As a Doctor of Optometry, part of my commitment to my patients is ongoing professional education. As technology and the world around us changes, I have to provide the best care possible for your eyes.
I am a fellow of the American Academy of Optometry (F.A.A.O.). This professional organization promotes the art and science of vision care through lifelong learning.
I am also a Fellow of the College of Optometrists in Vision Development (C.O.V.D.), which requires postgraduate education in vision and learning. Fellows of the College are certified in the diagnosis and treatment of learning related vision problems.
I have lived in Colorado and served communities for the past 40 years.
Graduate, Valley Forge Military Academy
Graduate, St. Bonaventure University, BS in Biology
Graduate, Pennsylvania College of Optometry, Doctor of Optometry
Parker Chamber of Commerce Charter Member
Past President and member, Colorado Optometric Association
Lifetime Member of American Optometric Association
Fellow, The American Academy of Optometry
Fellow, College of Optometrists in Vision Development, Board Certified in Vision Therapy
Private practice with Morrison & Associates, Harrisburg, PA
Private practice, Parker, Colorado
Private practice, Windsor, Colorado
Author, What Your Bright Child Can’t See
Author, Help Your Child CONQUER LEARNING DIFFICULTIES. A Doctor's Guide to VISION THERAPY
Douglas County Citizen of the Year
Distinguished Service Award by Colorado Optometric Association
Parker Senior Center “Barn Raising” Coordinator
Colorado Optometrist of the Year by Colorado Optometric Association
As early as second grade I can remember feeling behind the rest of the children in my class. Other children just picked things up faster than I did. When it came to spoken directions, listening, and especially reading, I was slow.
From elementary school through middle school and high school I struggled with reading and excelled at math (as long as the math didn’t contain word problems). I coped by becoming a class clown in middle school, maintaining a solid D grade point average. When this continued in high school, my parents decided I would attend Valley Forge Military Academy.
The Academy enforced a policy requiring two hours of silent reading every evening. I still struggled. I was only able to focus for fifteen to twenty minutes at a time. My eyes would become tired, and the words I read ran together. However, this disciplined environment gave me the extra time I needed. My grades improved to a B average
In college (after getting some partying out of my system) I developed a rigorous study strategy. I borrowed notes, compared them to my own and rewrote them, capturing the concepts in long term memory. This routine involved a great deal of extra work, but I was determined. My experience at Valley Forge Military Academy convinced me that I could be successful provided that I put in the necessary time. I resigned myself to the idea that success required not only hard work but sleeplessness and exhaustion. As I studied, I still needed mental breaks every fifteen or twenty minutes. My eyes and mind needed the rest.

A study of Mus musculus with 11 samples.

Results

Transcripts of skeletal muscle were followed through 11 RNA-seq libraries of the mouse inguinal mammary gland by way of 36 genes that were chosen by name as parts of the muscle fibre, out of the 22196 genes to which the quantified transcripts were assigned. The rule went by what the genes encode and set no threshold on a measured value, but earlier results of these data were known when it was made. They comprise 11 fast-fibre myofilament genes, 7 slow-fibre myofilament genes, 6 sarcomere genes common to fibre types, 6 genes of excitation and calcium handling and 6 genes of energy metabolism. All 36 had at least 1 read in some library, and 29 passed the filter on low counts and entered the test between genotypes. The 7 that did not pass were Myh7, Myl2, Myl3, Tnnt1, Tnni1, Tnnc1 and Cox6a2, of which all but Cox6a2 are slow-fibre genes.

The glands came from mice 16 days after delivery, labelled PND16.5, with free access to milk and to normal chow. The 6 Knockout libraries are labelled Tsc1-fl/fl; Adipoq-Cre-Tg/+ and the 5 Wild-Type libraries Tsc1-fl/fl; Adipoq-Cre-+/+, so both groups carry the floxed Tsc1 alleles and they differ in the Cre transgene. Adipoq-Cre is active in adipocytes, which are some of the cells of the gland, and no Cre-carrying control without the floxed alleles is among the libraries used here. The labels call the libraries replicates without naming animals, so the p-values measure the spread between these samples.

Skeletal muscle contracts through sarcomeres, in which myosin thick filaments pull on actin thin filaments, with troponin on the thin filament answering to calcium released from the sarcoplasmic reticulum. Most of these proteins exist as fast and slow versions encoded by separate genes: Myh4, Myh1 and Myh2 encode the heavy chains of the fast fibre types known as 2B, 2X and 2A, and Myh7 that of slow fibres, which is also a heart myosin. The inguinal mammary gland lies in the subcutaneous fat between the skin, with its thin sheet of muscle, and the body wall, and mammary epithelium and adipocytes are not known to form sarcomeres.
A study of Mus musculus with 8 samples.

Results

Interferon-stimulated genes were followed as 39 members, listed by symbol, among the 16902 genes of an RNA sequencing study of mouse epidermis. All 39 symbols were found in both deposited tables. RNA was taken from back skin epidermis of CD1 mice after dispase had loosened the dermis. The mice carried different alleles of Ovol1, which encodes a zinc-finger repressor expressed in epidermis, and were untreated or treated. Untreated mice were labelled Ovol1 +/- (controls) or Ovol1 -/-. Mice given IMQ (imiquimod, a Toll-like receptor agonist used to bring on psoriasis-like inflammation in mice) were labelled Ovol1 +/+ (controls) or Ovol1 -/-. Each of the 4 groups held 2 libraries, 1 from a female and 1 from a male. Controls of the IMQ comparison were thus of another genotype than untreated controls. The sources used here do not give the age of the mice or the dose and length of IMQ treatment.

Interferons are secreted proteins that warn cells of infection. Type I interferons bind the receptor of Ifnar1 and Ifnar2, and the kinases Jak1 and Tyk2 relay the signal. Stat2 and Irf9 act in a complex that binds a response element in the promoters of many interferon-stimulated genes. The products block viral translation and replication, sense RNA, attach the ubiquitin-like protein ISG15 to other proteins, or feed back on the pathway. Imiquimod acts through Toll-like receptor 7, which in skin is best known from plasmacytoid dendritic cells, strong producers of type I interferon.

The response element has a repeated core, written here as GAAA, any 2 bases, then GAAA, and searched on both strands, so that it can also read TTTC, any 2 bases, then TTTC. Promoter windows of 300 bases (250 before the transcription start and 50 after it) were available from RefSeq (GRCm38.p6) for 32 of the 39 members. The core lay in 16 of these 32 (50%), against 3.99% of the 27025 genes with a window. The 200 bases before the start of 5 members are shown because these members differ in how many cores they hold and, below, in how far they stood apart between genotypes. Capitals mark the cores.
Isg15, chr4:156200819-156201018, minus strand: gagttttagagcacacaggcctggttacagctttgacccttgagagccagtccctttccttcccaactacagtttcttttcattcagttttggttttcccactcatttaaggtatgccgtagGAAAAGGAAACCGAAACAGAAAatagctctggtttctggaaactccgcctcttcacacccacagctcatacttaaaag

Not until my first year of graduate school did a young man anticipating graduation in optometry uncover the cause of so much frustration, disappointment, poor grades, and exhaustion. In the course of performing my first Functional Vision Exam he diagnosed my vision problems. Soon after, I underwent Vision Therapy. To me, the optometric Board Exams were the easiest tests I had ever taken.
I had been evaluated by talented and knowledgeable optometrists many times during my early life. Traditional eye exams and eye health exams performed on me diagnosed problems with visual acuity but completed missed debilitating defects in my visual system.
Having gone through the educational system and barely survived, I have a special place in my heart for children with these same challenges. A decline in a child’s self esteem, no matter what the cause, is a tragedy. But when this happens to bright children with vision difficulties, it is completely preventable.
No words can describe the relief I felt when I was diagnosed. At least I finally knew what was wrong. Frankly, I felt justified. Every bit of extra effort was explained. Every minute of recess lost was accounted for. Every poor grade was rationalized. My frustration was vindicated: my eyes played tricks on me. Your child’s eyes could be playing tricks on him, too.
Admittedly, I have been fortunate. People have helped me along the way and I am forever grateful. I have dedicated my life to helping children who struggle as I did. If my staff and I can change lives positively, then I am fulfilling my life’s calling.